On March 11, 2016, Florida legislators voted unanimously to approve House Bill 7027. When that bill was signed on April 4, 2016, and went into effect on July 1, 2016, Florida became the nation’s first state to legalize fully autonomous vehicles on public roads without a driver behind the wheel.
If the vehicle can drive itself without input from a driver, then Florida statute 316.003(2) considers it to be an autonomous vehicle:
Any vehicle equipped with autonomous technology [is an autonomous vehicle]. The term “autonomous technology”
means technology installed on a motor vehicle that has the capability to drive the vehicle on which the technology
is installed without the active control or monitoring by a human operator. The term excludes a motor vehicle enabled
with active safety systems or driver assistance systems, including, without limitation, a system to provide electronic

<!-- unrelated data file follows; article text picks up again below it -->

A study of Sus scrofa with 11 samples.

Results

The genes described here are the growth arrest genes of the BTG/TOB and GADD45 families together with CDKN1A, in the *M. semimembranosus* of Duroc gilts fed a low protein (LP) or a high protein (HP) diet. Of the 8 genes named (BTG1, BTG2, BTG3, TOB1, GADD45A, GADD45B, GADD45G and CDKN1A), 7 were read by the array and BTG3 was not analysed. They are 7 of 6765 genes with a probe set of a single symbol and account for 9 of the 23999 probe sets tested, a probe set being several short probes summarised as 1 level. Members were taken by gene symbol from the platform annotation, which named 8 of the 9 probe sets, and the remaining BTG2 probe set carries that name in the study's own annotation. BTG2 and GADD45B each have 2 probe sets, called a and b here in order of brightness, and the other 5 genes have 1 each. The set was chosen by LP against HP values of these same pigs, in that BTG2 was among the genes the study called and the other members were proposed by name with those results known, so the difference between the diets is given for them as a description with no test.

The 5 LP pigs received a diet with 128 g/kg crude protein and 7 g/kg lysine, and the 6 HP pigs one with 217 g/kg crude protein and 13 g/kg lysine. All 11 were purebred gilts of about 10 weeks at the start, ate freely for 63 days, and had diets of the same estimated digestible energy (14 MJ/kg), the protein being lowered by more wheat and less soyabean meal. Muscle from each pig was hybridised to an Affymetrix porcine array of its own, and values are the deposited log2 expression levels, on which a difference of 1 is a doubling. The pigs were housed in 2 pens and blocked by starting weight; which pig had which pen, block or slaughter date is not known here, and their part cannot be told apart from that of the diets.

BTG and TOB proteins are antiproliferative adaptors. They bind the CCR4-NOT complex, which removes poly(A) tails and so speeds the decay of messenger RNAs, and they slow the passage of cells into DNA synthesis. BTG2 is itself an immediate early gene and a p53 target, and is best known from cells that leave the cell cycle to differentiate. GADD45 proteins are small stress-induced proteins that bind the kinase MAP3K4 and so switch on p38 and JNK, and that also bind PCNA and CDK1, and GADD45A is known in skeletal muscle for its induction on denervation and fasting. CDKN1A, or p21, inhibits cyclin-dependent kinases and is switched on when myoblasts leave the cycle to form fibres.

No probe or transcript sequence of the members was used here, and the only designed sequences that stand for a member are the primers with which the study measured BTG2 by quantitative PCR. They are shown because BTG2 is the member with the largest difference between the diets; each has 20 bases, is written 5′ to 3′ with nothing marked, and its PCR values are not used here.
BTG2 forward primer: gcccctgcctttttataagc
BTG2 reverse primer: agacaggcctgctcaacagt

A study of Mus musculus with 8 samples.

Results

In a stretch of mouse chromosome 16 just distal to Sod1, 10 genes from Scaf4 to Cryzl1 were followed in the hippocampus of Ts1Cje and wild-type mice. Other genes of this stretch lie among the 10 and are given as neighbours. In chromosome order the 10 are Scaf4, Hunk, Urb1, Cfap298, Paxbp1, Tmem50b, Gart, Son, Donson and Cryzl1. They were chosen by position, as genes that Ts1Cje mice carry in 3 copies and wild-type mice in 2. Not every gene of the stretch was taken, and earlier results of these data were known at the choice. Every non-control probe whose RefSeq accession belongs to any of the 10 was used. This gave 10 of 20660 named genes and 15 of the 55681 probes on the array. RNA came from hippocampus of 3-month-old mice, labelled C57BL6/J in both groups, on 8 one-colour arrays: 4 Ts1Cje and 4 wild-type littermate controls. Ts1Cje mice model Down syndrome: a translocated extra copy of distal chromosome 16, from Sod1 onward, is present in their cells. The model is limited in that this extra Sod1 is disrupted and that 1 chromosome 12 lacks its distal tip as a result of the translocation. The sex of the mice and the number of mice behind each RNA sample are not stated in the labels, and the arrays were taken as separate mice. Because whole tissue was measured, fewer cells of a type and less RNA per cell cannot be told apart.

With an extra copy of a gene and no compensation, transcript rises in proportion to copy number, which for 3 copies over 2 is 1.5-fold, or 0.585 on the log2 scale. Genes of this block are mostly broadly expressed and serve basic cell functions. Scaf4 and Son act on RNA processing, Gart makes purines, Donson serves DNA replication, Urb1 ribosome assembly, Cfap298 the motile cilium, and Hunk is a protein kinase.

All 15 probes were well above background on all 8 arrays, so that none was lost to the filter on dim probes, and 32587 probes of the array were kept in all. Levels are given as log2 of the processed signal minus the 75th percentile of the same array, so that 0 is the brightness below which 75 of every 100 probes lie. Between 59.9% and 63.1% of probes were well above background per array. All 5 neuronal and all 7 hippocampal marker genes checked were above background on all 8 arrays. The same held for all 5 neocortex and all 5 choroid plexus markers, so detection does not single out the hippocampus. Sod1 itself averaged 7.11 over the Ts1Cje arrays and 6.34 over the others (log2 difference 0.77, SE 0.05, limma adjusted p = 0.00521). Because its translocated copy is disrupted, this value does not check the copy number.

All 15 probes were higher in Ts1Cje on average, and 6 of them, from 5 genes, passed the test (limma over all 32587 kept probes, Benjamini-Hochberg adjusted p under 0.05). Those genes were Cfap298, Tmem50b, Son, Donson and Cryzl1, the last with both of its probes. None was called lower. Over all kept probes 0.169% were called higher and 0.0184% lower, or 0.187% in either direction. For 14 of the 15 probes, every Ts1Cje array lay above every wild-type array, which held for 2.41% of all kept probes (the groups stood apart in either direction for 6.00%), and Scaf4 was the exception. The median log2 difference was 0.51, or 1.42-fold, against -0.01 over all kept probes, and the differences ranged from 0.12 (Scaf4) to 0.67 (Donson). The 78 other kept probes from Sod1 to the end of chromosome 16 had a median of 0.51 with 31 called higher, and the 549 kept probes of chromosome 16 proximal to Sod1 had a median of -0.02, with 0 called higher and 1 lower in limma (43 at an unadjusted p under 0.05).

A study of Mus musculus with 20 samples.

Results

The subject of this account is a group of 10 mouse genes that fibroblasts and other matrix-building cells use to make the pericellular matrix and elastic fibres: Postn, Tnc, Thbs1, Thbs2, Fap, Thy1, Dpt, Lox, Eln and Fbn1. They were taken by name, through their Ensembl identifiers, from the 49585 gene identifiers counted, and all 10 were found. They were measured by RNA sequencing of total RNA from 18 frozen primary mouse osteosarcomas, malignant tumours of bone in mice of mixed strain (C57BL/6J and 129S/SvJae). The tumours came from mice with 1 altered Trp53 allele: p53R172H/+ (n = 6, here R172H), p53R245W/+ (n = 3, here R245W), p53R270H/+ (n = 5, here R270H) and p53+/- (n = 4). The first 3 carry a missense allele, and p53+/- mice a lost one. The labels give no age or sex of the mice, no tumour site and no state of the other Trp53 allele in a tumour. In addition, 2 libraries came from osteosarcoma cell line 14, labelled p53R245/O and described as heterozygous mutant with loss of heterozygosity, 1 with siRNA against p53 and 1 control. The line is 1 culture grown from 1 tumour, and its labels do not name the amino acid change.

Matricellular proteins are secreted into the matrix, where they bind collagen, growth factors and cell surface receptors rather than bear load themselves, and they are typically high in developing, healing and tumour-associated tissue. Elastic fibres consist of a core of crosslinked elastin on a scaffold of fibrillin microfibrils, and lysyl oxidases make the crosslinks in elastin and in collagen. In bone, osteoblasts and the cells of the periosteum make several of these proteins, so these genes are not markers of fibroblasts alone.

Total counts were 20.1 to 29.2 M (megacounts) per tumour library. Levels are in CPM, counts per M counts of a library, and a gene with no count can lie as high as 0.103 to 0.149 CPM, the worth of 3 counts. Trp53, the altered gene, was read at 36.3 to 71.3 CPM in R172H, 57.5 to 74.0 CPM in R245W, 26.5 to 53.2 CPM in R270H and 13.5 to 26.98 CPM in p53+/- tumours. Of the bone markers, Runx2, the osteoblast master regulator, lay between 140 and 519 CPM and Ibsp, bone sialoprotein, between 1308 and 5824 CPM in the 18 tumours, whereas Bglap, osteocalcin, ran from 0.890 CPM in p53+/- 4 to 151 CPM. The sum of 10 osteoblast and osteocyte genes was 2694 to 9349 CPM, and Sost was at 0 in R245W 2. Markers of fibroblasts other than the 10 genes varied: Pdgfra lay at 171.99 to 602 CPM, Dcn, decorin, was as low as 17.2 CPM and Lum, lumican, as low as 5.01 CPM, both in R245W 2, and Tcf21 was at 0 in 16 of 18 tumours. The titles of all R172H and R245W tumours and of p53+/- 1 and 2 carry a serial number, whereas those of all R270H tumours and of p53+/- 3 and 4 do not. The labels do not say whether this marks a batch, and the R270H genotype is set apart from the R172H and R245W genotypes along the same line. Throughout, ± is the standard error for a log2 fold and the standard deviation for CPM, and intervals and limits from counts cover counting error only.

blind spot assistance, crash avoidance, emergency braking, parking assistance, adaptive cruise control, lane keep
assistance, lane departure warning, or traffic jam and queuing assistant, unless any such system alone or in com-
bination with other systems enables the vehicle on which the technology is installed to drive without the active con-
trol or monitoring by a human operator.
Florida law also allows any person that possesses a valid driver’s license to operate an autonomous vehicle in autonomous mode. No specialized safety education is required before a person is legally permitted to operate an autonomous vehicle on Florida’s roadways. Furthermore, the person operating the autonomous vehicle does not even have to be in the vehicle when it is driving in Florida autonomously.
Under the law, it appears to follow that an operator and/or owner of an autonomous vehicle could be liable for a crash despite not being in or near his or her vehicle at the time it occurred.